Beantin

James Royal-Lawson

Stop using QR codes!

This autumn the use of QR codes in advertising in Stockholm has exploded. There are more codes visible now than ever before. Unfortunately the majority of them are poorly implemented.

If the QR code doesn’t add to the user experience, don’t use them!

In this blog post I’ve collected together a number of recent examples of QR codes in the wild here in Stockholm, Sweden.

Almost every single code took me to a standard desktop website (or campaign site). Most of them led to a page that was not designed or adjusted for handheld devices.

If a fishy bites, hold on!

QR codes are not going to be scanned by a large number of people – irrespective of the hype, most people don’t know what the hell they are, don’t know how to scan them, or don’t care about scanning them.

When you get someone who does know what they are, and does bother to scan them – you want to make sure you hold on to them! This means what happens once they’ve scanned the code needs to help them take the next step in a relevant context.

Build for the context

By and large this means always think mobile when you are using QR codes. This is the context your target audience are in when they scan. Anything other than mobile-ready content or service will make their interaction more difficult. This will reduce their happiness, reduce the chance of meeting your goals, and potentially damage your brand.

QR Codes in the wild

Nokia N9

Nokia N9 advert with QR code

The code leads to the full desktop website. No handheld or responsive version available.

FV Seleqt

FV Seleqt Sugar Snaps with QR code

Scan this product packaging and you are taken to a desktop site showcasing their products.

Krusovice

Krusovich sign at an event with QR code

Leads to a page that has been designed for mobiles. The page contains a form, but there is still room for optimised it to make completion as easy and as successful as possible from a touch-screen device.

Biltema

Biltema catalogue with QR codes

Two tiny codes, very close together. One for the Android app and one for the iPhone app. They do both scan, but you have cover up one of the codes to ensure you scan the correct one.

Scan

Scan advert with QR code

I didn’t manage to get this code to scan. It was very badly positioned (right at the bottom of the advert) meaning I had to get down on my knees to try to scan it. The code was also relatively small and contained a lot of data.

Norskfisk

Norskfisk advert with QR code

Scan the code and you end up at a recipe, on a desktop web site. No mobile version.

SEB

SEB advert with QR code

Code to apply for a loan.

Stockholm Film Festival

Stockholm Film Festival programme with QR code

This year’s film festival site is really quite good, but shame they used a code that pointed straight to the desktop site. No mobile site is available, but there is an iPhone app.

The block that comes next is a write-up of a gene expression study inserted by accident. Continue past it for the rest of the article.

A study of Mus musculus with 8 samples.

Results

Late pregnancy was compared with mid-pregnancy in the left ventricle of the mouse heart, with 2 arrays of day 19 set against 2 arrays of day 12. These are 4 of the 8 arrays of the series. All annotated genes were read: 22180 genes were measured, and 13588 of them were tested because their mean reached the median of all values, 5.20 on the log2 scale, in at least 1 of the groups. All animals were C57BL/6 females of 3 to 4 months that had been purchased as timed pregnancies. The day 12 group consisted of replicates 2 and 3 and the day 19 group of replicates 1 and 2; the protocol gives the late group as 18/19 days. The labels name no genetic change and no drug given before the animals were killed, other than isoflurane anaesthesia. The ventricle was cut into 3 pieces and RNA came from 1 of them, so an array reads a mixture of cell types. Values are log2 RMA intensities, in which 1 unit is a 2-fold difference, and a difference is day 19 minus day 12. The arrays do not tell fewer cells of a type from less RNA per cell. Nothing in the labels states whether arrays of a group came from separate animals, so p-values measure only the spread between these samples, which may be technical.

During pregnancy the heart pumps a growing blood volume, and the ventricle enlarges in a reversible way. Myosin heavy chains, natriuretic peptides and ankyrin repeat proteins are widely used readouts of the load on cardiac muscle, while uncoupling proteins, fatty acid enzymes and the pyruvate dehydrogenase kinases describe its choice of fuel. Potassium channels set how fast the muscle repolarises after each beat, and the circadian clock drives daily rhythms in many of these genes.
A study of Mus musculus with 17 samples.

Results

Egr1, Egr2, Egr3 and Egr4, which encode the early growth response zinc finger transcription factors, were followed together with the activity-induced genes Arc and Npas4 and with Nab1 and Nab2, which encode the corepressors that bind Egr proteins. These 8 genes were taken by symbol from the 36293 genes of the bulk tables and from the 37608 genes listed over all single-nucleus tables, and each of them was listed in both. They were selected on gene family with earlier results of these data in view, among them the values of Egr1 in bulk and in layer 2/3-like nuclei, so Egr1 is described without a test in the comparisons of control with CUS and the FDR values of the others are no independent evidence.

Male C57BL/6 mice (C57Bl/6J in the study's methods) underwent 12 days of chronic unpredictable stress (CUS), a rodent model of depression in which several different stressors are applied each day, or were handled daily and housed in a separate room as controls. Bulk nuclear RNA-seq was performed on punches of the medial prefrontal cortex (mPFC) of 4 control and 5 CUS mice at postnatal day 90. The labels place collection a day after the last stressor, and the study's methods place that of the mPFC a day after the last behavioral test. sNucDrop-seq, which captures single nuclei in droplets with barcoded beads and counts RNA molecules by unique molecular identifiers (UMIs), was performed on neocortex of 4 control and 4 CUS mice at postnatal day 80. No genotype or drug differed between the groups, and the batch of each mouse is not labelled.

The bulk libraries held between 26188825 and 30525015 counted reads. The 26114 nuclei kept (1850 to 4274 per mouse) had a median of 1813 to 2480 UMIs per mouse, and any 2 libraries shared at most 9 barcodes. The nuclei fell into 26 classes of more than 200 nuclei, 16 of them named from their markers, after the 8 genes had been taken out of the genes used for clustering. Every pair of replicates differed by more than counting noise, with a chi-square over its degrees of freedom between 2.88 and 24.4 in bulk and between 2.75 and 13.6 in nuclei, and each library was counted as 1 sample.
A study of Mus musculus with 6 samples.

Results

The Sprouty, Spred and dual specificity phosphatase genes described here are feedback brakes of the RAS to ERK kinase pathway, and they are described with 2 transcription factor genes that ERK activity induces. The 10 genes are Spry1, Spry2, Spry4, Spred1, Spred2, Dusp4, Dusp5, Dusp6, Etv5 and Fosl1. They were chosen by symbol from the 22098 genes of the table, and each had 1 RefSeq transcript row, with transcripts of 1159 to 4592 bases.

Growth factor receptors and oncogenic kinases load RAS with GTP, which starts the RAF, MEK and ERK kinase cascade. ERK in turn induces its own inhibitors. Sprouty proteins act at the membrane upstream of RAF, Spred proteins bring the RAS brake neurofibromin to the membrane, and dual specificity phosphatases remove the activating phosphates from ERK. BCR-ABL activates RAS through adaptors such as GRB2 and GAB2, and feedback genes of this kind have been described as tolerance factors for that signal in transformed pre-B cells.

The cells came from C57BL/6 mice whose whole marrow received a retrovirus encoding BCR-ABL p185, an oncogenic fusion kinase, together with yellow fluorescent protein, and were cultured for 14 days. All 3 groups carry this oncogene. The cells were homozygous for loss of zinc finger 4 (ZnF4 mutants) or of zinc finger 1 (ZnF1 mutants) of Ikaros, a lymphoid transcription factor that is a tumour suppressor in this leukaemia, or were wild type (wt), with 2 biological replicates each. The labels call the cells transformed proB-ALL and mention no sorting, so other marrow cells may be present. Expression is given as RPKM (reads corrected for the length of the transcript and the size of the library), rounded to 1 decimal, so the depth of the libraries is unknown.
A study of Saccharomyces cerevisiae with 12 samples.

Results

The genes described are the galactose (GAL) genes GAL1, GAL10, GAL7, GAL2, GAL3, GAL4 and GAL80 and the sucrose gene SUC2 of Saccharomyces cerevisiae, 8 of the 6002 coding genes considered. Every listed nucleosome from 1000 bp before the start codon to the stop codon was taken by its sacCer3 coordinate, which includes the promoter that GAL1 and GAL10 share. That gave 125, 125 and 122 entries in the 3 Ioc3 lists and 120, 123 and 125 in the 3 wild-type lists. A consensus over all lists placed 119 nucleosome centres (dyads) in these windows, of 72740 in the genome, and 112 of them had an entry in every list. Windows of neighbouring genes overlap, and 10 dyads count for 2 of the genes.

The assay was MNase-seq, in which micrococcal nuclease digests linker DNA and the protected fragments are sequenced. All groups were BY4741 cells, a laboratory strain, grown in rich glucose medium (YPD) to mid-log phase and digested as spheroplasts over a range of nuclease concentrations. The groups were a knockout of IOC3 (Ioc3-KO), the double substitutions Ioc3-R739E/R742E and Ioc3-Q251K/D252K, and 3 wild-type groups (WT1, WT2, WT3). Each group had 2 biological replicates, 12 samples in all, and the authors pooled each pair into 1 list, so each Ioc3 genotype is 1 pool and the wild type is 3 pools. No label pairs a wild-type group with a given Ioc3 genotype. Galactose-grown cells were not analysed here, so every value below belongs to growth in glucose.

Skanska

Skanska advert with QR code

This code was featured on an advert on the Stockholm metro leads to a desktop website.

Pantamera

Pantamera adverts with QR code

One of the few better implementations included in this blog post. The codes lead to YouTube videos, which serves a mobile version of it’s site (or can even open directly in the YouTube app on many mobiles).

Flickr

You can find all of these QR codes (and more) in this set on my Flickr stream.


James Royal-Lawson+ is a digital strategist and web manager based in Stockholm Sweden.

Green, green grass.

The truth about gamification – uxpodcast

Episode 5 of UXPodcast has been published. This month, Per Axbom and I talk to Jesper Bylund about gamification.

It was not only good fun to have Per and Jesper round to Beantin HQ to record the podcast, it was also thoroughly educational. Jesper knows his stuff when it comes to game design and gamification.

The peak of inflated expectations

There’s an awful lot of hype about gamification now – as higlighted by Gartner in their 2011 hype cycle. Gamification is right up there in the peak of inflated expectations.

Together with the hype there is a lot of misunderstanding. In the podcast we dig into the misunderstanding and talk about what gamification really is.

Listen to the show

Take the chance to listen to episode 5 – The truth about gamification on uxpodcast.com.


is a freelance web manager and strategist based in Stockholm Sweden.

The truth about gamification – uxpodcast

Episode 5 of UXPodcast has been published. This month, Per Axbom and I talk to Jesper Bylund about gamification.

It was not only good fun to have Per and Jesper round to Beantin HQ to record the podcast, it was also thoroughly educational. Jesper knows his stuff when it comes to game design and gamification.

The peak of inflated expectations

There’s an awful lot of hype about gamification now – as higlighted by Gartner in their 2011 hype cycle. Gamification is right up there in the peak of inflated expectations.

Together with the hype there is a lot of misunderstanding. In the podcast we dig into the misunderstanding and talk about what gamification really is.

Listen to the show

Take the chance to listen to episode 5 – The truth about gamification on uxpodcast.com.


is a freelance web manager and strategist based in Stockholm Sweden.